Did you know that almost three-quarters of all implementations of enterprise resource planning (ERP) software fail? That is the discovery made by US consulting company Panorama.
The researchers found that for an ERP solution to be considered a "failure", one or more of the following things needed to happen:
- The deployment took longer than expected;
- The solution cost more than was expected;
- It does not deliver at least half of the expected business benefits.
Each sounds relatively easy to avoid, and yet 72 per cent of surveyed companies found their best efforts going to waste.
When businesses attempt to control their information flow, and they understandably turn to technology to help them boost their compliance and productivity around information, it's a shame to see these plans fall by the wayside.
Business leaders who have allocated resources to the implementation of information management software will no doubt also understand the costs that come with such a failure.
Indeed, technology can sometimes leave us running away with ourselves. There's a reason why global spending on cloud services (70 per cent of which is software) will leap from $56 billion last year to $127 billion by 2018, if IDC's predictions are to be believed. However, the solution to all your problems cannot be found in buying the latest software, no matter how well it is marketed.
To understand why failure rates are so high, and to improve on them, we need to go back to basics.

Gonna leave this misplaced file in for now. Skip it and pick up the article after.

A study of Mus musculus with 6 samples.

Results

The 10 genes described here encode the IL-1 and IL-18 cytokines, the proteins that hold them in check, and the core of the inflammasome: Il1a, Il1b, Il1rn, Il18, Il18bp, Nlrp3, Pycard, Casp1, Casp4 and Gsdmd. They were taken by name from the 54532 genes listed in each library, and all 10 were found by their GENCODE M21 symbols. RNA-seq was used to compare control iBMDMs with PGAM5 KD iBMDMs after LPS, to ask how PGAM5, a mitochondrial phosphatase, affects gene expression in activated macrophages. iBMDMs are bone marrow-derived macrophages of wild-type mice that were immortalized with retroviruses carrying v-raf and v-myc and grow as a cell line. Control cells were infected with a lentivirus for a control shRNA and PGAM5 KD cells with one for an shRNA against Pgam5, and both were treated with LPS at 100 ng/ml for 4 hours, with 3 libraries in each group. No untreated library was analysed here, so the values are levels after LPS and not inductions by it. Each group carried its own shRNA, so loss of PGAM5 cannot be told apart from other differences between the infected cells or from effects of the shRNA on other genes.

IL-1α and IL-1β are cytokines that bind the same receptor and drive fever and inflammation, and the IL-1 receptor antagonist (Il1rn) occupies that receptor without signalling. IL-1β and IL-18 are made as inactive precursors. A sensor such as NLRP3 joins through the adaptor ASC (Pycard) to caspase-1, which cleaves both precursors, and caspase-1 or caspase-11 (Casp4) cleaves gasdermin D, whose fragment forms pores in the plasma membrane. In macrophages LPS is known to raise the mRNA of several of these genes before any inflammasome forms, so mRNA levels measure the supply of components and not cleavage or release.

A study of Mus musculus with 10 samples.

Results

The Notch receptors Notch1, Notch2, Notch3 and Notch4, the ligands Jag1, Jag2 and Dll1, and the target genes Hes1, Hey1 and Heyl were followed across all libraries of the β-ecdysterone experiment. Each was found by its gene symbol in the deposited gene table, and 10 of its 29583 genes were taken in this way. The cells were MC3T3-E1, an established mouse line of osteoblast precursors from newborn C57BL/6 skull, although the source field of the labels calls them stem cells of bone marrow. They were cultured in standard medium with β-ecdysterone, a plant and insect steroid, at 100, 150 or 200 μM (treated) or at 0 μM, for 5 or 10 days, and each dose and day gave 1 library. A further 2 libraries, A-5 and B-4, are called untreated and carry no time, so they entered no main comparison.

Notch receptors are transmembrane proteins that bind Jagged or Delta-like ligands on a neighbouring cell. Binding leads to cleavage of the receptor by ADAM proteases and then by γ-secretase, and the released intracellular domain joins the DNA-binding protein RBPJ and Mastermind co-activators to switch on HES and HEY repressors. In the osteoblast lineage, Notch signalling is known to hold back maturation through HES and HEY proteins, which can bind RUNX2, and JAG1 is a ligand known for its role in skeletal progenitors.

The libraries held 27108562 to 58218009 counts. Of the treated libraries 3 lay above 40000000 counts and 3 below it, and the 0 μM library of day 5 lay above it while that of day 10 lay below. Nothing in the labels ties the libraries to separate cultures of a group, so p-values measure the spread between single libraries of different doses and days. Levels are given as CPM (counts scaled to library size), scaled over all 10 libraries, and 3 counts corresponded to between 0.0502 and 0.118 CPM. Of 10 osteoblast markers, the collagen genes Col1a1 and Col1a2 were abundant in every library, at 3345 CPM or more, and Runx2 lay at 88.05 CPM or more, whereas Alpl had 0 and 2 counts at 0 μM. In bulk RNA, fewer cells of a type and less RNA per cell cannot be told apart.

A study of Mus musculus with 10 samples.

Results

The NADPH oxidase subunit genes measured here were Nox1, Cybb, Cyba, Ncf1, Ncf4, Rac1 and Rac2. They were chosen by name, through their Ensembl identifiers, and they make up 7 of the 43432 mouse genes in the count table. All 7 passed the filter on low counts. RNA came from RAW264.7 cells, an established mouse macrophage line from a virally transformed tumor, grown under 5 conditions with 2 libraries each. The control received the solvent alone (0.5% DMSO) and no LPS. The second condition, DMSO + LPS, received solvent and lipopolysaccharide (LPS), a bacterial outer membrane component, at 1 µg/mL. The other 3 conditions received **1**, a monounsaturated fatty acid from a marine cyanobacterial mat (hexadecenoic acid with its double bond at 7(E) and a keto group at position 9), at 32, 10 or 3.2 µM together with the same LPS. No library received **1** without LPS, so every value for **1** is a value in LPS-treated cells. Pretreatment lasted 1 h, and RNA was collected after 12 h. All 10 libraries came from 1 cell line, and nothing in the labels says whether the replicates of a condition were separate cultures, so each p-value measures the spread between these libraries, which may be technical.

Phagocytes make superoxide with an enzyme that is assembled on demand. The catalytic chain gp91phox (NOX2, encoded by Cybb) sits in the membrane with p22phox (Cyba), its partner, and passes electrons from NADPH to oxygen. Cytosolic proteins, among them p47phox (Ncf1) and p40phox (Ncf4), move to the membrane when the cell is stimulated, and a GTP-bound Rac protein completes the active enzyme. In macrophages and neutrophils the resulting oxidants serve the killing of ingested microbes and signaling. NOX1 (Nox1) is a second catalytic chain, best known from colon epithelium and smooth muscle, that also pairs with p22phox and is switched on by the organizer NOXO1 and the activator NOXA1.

Why does information management software deployment fail?
A CEO will be invested in the success of any plans to improve data management practices; however, he or she will understandably not be the person who manages this. If an executive allocates the resources to develop in this way, they do so through the IT department.
A CIO will likely take responsibility for leading such a strategy, and IT departments tend to prefer the latter letter in their name than the first – it is the technology they are most interested in rather than the information.
Businesses that work with this model are wont to go out and throw money at the problem with the latest technology tools, without thinking about the people who are going to run them and the information that will be used.
Improving the chances of software implementation success starts by revolutionising the way a business approaches information management. Information governance should be a part of business governance, with accountability placed on someone when they mismanage critical resources.
Only then can decisions be made on what software to buy – or indeed, if it is necessary at all.
Getting the most out of software
Software is not a solution; it is a tool. It is one of the physical resources that helps people work with greater efficiency by automating business processes – if implemented successfully and governed accordingly.
At Experience Matters, we help organisations create an information management strategy for the good of the wider business. With the right support, a company can ensure that not only the ideal software choices are made, but the right information is put into them.
We also train staff in the best use of information assets, to improve compliance, boost productivity and reduce risk.
The flip side to Panorama's study is that 28 per cent of ERP software deployments succeeded. It's a relatively low number, but one that proves a business can triumphantly drive ahead with their digital developments.
Doing so can even be the point of difference that allows one company to leapfrog its competitors. However, without thinking about how information truly works for us as a business asset, many may attempt the leapfrog and end up falling flat on their faces.